Tensions between Russia and Ukraine are showing no signs of abating. The geopolitical implications of further escalation could be quite dire and complicated. Although the deadlock may be resolved through diplomacy, we are watching for the impact on asset prices if the conflict escalates. Energy and commodity markets could be in the immediate line of fire, but repercussions may also be felt in the region’s equity and fixed income markets. Finally, if the situation worsens, the ripple effects could be more broad-based and have an impact on global inflation expectations and monetary policy.
First, Some History
Before declaring independence in 1991, Ukraine was part of the former Soviet Union. After breaking away, Ukraine began developing stronger ties with the West, much to the dislike of Russia. Former Ukrainian President Viktor Yanukovych attempted to revert to old allegiances with the Kremlin, but his actions led to an uprising and he was removed from power in 2014. In response, Russia annexed Crimea and supported a separatist uprising in Ukraine’s southeastern region. The 2015 Minsk protocol was signed as a peace deal between the two countries. Nonetheless, low-level fighting has continued over the years as both sides have accused the other of violating the agreement. Agitated by NATO and the West’s support of Ukraine, Russia is continuously looking for ways to assert control over Ukraine and reclaim its sphere of influence. Amid brewing tensions, Russia has deployed more than 100,000 Russian forces at the Ukrainian border. The U.S. and a few other allies are strategizing sanctions or other diplomatic approaches to de-escalate the situation.
A Conflict with Broad Implications
Russia is the world’s largest exporter of natural gas and second-largest exporter of crude oil and petroleum products. It supplies about a third of Europe’s energy and is a major producer of grains, ammonia, aluminum, nickel, palladium, and platinum. At a time when the world is dealing with rising energy prices and supply-demand imbalances in several metals and commodity markets, a steady supply of commodities from Russia is crucial. Hence, talks of steep sanctions on Russia have so far remained largely speculative.
On the other hand, the ruble and Russian equity and fixed income markets are already pricing in increased risk of economic damage to Russia from the ratcheting up of war rhetoric and potential for sanctions. Russia’s defense spending will rise even as its export revenues might fall. Its international financial linkages might be frozen, at a time when its economy is recovering from the Covid-19 shock.
Given this environment, there are two broad categories of outcomes of the current standoff between Russia and Ukraine: escalation and resolution.
Potential Impact of Escalation
If the situation worsens, Ukraine may be invaded by Russia or subject to aggressions in other forms. If this happens, the markets could get edgy. If Russian energy supplies are disrupted, energy prices could spike higher, especially in European markets. This pressure would keep eurozone inflation elevated, squeezing household incomes and spending, and make the European Central Bank’s job even harder. Food prices could be the next major casualty. As shown in the chart below, Russian/Ukrainian grains exports (wheat, barley, corn) represent 24 percent of the global total, 50 percent of sunflower products (seeds, meal, and oil), and 21 percent of rapeseed products, according to Rabobank. If a resolution is not reached by the spring planting season, prices of some grains will likely rise and may even double. In addition, Russia is one of the world’s largest exporter of key metals. Any disruptions to these exports could exacerbate the already stressed supply chains and amplify inflation across the globe.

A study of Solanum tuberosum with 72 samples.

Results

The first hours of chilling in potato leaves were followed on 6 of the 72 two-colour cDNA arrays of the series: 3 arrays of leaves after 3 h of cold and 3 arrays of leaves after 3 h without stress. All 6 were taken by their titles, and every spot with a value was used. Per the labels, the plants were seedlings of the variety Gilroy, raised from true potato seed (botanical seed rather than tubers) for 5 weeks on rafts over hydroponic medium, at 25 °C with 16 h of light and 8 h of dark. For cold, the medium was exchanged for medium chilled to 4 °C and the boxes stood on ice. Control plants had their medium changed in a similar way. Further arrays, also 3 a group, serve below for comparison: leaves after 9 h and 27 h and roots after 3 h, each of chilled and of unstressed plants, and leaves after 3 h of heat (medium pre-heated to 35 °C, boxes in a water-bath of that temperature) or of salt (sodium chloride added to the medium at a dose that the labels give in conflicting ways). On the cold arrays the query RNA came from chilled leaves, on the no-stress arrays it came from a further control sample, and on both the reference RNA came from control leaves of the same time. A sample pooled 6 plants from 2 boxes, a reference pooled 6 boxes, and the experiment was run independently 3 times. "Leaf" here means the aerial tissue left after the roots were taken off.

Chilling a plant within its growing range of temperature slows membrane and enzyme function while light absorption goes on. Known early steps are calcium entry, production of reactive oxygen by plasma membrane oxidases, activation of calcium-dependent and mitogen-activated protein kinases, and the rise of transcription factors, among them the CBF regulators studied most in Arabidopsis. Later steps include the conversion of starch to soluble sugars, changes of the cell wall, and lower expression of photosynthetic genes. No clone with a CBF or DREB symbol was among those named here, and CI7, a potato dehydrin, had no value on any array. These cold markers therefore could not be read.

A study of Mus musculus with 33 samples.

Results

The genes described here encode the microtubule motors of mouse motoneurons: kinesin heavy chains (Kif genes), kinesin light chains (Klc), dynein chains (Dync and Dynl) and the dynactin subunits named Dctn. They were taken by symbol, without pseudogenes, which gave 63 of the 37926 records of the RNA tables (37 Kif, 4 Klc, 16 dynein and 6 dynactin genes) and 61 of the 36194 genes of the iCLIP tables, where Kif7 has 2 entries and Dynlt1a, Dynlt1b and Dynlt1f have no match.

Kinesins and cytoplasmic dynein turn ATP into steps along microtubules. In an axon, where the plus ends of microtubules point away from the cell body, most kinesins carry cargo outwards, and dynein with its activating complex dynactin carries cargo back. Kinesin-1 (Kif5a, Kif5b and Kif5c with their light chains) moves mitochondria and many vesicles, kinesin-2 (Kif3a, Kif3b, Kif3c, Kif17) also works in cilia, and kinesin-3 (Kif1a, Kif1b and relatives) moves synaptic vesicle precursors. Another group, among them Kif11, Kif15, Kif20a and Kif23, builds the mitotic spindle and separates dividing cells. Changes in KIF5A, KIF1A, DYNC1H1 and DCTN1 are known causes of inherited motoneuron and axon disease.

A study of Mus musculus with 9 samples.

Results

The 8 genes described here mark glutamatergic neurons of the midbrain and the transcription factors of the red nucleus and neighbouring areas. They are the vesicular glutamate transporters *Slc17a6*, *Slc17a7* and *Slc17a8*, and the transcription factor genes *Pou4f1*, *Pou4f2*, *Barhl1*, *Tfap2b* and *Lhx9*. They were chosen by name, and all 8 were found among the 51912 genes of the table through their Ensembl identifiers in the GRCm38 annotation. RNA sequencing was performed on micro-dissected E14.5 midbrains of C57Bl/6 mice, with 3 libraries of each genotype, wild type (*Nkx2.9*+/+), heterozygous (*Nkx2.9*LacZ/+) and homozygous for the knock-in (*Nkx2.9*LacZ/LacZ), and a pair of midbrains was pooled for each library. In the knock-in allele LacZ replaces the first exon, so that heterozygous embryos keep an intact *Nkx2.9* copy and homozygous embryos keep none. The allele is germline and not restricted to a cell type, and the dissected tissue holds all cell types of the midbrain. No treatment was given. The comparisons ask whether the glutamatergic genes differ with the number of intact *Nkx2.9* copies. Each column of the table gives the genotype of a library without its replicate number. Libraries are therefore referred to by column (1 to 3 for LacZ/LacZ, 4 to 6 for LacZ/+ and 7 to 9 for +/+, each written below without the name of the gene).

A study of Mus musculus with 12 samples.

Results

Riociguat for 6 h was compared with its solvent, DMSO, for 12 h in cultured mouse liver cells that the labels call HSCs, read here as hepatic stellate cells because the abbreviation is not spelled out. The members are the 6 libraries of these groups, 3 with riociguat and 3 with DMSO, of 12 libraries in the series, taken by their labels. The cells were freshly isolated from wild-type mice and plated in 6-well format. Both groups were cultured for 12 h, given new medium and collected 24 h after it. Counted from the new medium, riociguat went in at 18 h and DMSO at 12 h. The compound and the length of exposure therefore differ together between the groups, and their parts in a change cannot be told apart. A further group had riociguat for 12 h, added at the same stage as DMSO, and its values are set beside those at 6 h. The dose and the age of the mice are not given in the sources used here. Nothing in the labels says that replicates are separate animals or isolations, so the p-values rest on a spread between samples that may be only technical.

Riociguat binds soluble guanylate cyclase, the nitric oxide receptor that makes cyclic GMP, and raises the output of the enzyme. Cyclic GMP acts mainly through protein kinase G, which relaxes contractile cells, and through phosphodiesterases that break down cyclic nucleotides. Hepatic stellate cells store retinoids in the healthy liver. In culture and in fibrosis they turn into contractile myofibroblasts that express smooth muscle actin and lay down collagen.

In the case of escalation, sanctions might be imposed on Russia, which may include barring Russia from transacting on the SWIFT payment system, which routes most international money and security transfers. This would be detrimental to Russia’s economy and strengthen its resolve to lean east to build alliances for a new world order. Russian economy could suffer in the near term, and the shaky global recovery could also be affected.
What Resolution Might Look Like
If an outright resolution is achieved (which is highly unlikely) or some forms of concessions are made (which is much more likely), the markets will react positively. Even in the case of stalemate, the markets might shrug off fears of a worse outcome. European gas prices could fall after the winter spike in demand, and diplomatic discussions might lead to other positive economic outcomes. Russian asset prices would likely rebound strongly, supported by an otherwise strong economy.
Be Aware, But Not Impulsive
If we could be on the brink of a war, should we de-risk our portfolios? History tells us that geopolitical issues are simmering all the time. Barring exceptional circumstances, however, such conflicts do not have a lasting impact on the markets. As an example, during the Crimean crisis in 2014, Russian equities sold off sharply but they recovered very quickly (see the chart below). Eurozone and aggregate global equities kept marching higher. Besides, escalation of the current situation to an actual war is not the most probable outcome at this time.
Investors should be aware of escalation of the Ukrainian crisis as a tail risk—an event that has a small probability of causing long-term harm to the markets. In the near term, some opportunities could arise in the energy and commodity markets. On balance, given Europe’s greater vulnerabilities and linkages, it could be disproportionately affected. Over the longer term, it is the macroeconomics and fundamentals of countries and companies that will drive asset prices. In other words, keep calm and carry on.